Jamie with his 29" runner beans Read How to grow them below and purchase seed from the shop
The soil has to be dug in the autumn with well-rotted manure, triple dug into the soil. During mid March to early April, the soil should be dug and then rotovated a couple of weeks before planting. After digging, it should be left for a couple of weeks to settle. Towards the end of april, the soil should be treated with a base fertilizer such as Vitax gr124 and chicken manure pellets. Runner beans should be grown on a mound and vertically up bean canes. If you want to be really sustainable, head into the local woods and cut down some hazelnut branches in the Autumn.
The giant variety of runner beans that we use was first developed by our father so we do not have a name for it other than “Fortey’s strain”. The runner bean seed should be started off during the first week of May in pots in a mixture of compost and vermiculite with a 6 month feed added for essential feeding for the young plant (miracle grow slow release / osmocote) to aid germination, ensure that the seeds are kept under a temperature of 60 - 65 degrees. The plants are to be planted out at the end of May when the soil has warmed and the nights are longer. Usually when the weeds start to grow, the soil is right for planting / germination of seeds.
At the end of may plant seed directly in the ground, about 1/4 inch deep. The timing of the planting is essentially dependent on the warmth of the soil. If it is too wet the seed will simply rot off and not germinate.
As with all seedlings ensure that they are given adequate frost protection and guarded from those deadly slugs! Apply a handful of slug pellets to the area.
Runner beans like to be watered during the early evening about 6pm when the sun is not at its strongest. If watered over the leaves during the day, the sun could scorch the leaves and rid the plant of its essential leaves that are required to make it grow.
The plants should be fed at the start of the season with a balanced mixture of miracle grow or vitax 101. This allows for the essential growing of the root ball to give the plant vigour for its later months of rapid growth. When the runner beans have formed you should feed with vitax 102 every two to three days.
Care should be taken to ensure that the runner beans are not allowed to dry out as differences in the moisture of the soil may cause the runner beans to grow a funny shape (dwarfed) and ruin your hard work.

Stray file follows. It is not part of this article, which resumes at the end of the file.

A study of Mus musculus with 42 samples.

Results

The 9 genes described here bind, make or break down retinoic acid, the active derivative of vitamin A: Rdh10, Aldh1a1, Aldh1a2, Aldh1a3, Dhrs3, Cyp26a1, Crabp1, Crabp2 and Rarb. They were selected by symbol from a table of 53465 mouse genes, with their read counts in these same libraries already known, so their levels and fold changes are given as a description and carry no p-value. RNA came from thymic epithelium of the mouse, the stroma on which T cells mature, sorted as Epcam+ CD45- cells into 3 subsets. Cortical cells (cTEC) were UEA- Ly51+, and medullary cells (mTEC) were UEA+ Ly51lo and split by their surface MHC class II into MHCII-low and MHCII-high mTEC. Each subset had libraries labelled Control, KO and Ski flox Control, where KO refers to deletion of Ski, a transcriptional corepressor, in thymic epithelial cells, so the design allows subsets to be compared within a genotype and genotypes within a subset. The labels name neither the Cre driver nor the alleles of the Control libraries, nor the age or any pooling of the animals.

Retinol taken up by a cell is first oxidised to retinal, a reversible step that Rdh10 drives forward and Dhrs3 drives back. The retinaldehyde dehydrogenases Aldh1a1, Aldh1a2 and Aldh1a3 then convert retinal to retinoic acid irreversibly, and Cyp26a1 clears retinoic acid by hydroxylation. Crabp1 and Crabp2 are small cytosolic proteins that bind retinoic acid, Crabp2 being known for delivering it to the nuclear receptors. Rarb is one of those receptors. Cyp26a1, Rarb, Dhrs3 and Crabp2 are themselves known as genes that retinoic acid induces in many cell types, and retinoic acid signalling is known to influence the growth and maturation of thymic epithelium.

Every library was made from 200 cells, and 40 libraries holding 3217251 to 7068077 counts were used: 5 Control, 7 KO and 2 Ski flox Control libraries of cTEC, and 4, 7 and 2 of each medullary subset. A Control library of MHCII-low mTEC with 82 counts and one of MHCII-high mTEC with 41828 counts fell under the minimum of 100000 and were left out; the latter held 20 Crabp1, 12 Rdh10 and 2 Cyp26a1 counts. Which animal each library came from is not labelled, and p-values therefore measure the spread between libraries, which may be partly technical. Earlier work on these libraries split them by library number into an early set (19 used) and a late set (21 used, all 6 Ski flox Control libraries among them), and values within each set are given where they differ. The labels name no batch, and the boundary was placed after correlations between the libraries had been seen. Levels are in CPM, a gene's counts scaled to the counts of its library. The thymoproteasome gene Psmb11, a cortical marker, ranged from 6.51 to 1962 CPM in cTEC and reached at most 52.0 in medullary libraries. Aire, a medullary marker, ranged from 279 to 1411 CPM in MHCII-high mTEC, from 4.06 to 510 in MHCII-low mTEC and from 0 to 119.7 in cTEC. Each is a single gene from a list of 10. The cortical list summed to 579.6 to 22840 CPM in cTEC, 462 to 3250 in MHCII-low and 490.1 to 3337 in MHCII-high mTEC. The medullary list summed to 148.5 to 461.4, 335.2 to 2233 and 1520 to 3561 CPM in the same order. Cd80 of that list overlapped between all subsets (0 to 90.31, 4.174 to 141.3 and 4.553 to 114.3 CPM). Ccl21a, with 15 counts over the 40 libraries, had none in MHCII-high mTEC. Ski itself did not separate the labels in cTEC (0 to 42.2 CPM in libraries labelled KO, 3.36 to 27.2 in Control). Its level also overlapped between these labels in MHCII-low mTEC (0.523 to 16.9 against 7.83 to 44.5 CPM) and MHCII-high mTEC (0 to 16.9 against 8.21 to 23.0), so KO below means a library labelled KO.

The beans grow on trusses coming off the main stem. It is adviseable to try and tie a long bean up as its weight can very often bend the top of the bean and stunt its growth.
We recommend growing the beans on a cordon and cutting off the side shoots as the main energy will go into the main stem of the bean. In addition, it is recommended to thin out the beans and only allow one or two to grow on each truss.
Keep a record of your runner beans length and number of seeds in the pod. Each year you can compare previous years growth. For the shows, the runner beans are measured in a straight line so do not take a bendy one.
There are a number of bugs that love the leaves of the runner beans. These include, shield bug, slugs, caterpillars, blackfly, ants, aphids, whitefly and red spider. If you have any pests on the plants we will shortly have a bugs section on the website so you can try to determine which one/s you have.
In order to take the runner beans to the shows, it is advisable to wrap them up in a blanket and give them as much cushioning on the journey as possible. They are very delicate and can snap really easily. If they are snapped they will not be accepted at the shows. Also, if they are old (brown) they will not be accepted either. The runner bean must be fresh and green in colour.
It is important that the beans are thinned out as mentioned previously. The longest bean from the truss should be left to grow. This can then be cut on the day of the show.
In order to save seed from runner beans, at the end of the shows, the runner beans should be kept in a dry, cool environment to aid the development of the seeds. Keep them in a garage for a couple of weeks and then harvest the seeds. To do this you have to simply break open the runner bean along the join.
After the runner beans have been selected, they need to be taken out of their pods. The seeds then need to be dried in newspaper for two weeks, this will ensure that they are sound for next season. Take out the seeds that are showing signs of dampness / mildew.